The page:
Saturday, October 19, 2019

I don't know about a Dark Tower board game reboot

So I heard that there is a Kickstarter campaign for some company wanting to reboot the old 1981 electronic board game Dark Tower.

I've written on this before.  Owing to the lawsuit that shut down production, and the shape of the game which made storing it a pain, and led to the majority of games likely thrown into the wind like my copy, it was one of the holy grails of old retro games.

When I pulled strings to get a working copy, I wondered if my boys would like it or if the hype they had been exposed to for their entire life would make it impossible to live up to.  As I said here, it turns out they like it.  It is what it is.  They love the brutal randomness of it.  No attempts at AI here, it's all random.  You can go the whole game and have nothing bad happen, or get plastered every turn.  That's half the fun.

They also appreciate the effort and quality that went into it.  As they said, it's like the moon landing.  Folks say a cell phone has more memory than we had for the first moon landing.  And yet today we seem to have no end of problems that they were able to overcome back then with more efficiency.  Something about the more tech we have, the less good we are at using the tech we have.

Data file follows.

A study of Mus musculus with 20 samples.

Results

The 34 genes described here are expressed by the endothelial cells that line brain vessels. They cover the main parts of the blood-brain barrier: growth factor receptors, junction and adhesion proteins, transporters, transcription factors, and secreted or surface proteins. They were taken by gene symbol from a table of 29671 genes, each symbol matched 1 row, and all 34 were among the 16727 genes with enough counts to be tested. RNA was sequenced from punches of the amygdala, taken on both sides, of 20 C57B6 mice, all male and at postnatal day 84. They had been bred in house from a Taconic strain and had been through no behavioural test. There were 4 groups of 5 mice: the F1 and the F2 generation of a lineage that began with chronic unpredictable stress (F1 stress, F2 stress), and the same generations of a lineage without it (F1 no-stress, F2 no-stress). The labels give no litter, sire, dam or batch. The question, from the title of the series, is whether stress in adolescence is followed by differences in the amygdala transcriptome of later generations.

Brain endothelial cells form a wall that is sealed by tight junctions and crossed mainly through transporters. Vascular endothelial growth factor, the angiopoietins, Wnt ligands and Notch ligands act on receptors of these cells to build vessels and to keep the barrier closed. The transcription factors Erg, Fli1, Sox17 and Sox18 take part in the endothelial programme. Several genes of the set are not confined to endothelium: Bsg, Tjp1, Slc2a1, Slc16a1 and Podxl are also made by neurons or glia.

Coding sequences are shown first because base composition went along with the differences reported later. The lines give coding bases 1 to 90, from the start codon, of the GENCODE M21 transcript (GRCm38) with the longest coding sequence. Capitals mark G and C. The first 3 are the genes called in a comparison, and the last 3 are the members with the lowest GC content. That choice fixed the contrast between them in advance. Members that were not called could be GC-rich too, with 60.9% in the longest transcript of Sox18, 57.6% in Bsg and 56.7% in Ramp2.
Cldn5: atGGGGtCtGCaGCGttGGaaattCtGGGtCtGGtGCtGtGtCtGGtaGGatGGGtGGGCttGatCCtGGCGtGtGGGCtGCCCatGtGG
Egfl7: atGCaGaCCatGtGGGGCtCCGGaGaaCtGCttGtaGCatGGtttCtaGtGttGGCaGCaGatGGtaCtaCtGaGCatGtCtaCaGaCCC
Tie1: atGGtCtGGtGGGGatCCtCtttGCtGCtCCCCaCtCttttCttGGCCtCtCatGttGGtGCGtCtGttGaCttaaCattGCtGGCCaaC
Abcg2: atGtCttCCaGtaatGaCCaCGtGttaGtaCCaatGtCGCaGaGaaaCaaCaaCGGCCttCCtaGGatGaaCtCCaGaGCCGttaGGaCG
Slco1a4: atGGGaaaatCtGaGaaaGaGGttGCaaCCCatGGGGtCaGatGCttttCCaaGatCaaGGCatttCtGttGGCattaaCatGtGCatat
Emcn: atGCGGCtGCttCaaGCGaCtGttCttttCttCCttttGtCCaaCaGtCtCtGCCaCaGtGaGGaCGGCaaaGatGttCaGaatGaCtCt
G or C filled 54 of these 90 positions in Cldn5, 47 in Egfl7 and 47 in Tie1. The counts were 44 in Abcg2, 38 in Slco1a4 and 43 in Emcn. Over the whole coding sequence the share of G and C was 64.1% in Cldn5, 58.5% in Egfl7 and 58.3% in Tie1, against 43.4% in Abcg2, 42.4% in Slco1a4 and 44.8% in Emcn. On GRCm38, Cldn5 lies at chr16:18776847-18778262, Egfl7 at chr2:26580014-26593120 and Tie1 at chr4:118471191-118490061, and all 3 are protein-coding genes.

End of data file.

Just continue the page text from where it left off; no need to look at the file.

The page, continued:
Nonetheless, much of the fun is just playing a game they heard so much about.  For me it's pure nostalgia and fun with the boys.  The game play is almost incidental.  Truth be told, we play it once every few months because that's all the time we have anymore, plus much more and I think it would wear out its welcome.

A recent game with a few of the boys

A close up of the quality that met the consumer in the fantasy heyday of the early 80s

A brand new version?  I don't know.  Some fear it would just be a shell with updated or - worse - PC variations.  For instance, the famous sound effects - including the Bazaar theme - might be dropped, and that would be a shame.  Or it would be rebuffed with female this or make sure you have all demographic assignments represented or such that.

Not to mention, on the practical level, you just can't go back.  You can visit, but not go back.  To have an actual copy of the original, enjoy it with the family, and see the boys relish in the chance to play this artifact of great worth is one thing.  But just to play it?  In 2020?  A version just released with nothing more to it than any other hundred games on the shelf?  In a world where you can get a thousand variations of a fantasy game, board or otherwise, and find millions of texts and graphics illustrating the same? I don't know.  Maybe.  But it might just become a piccolo in an orchestra of fantasy tubas when all is said and done.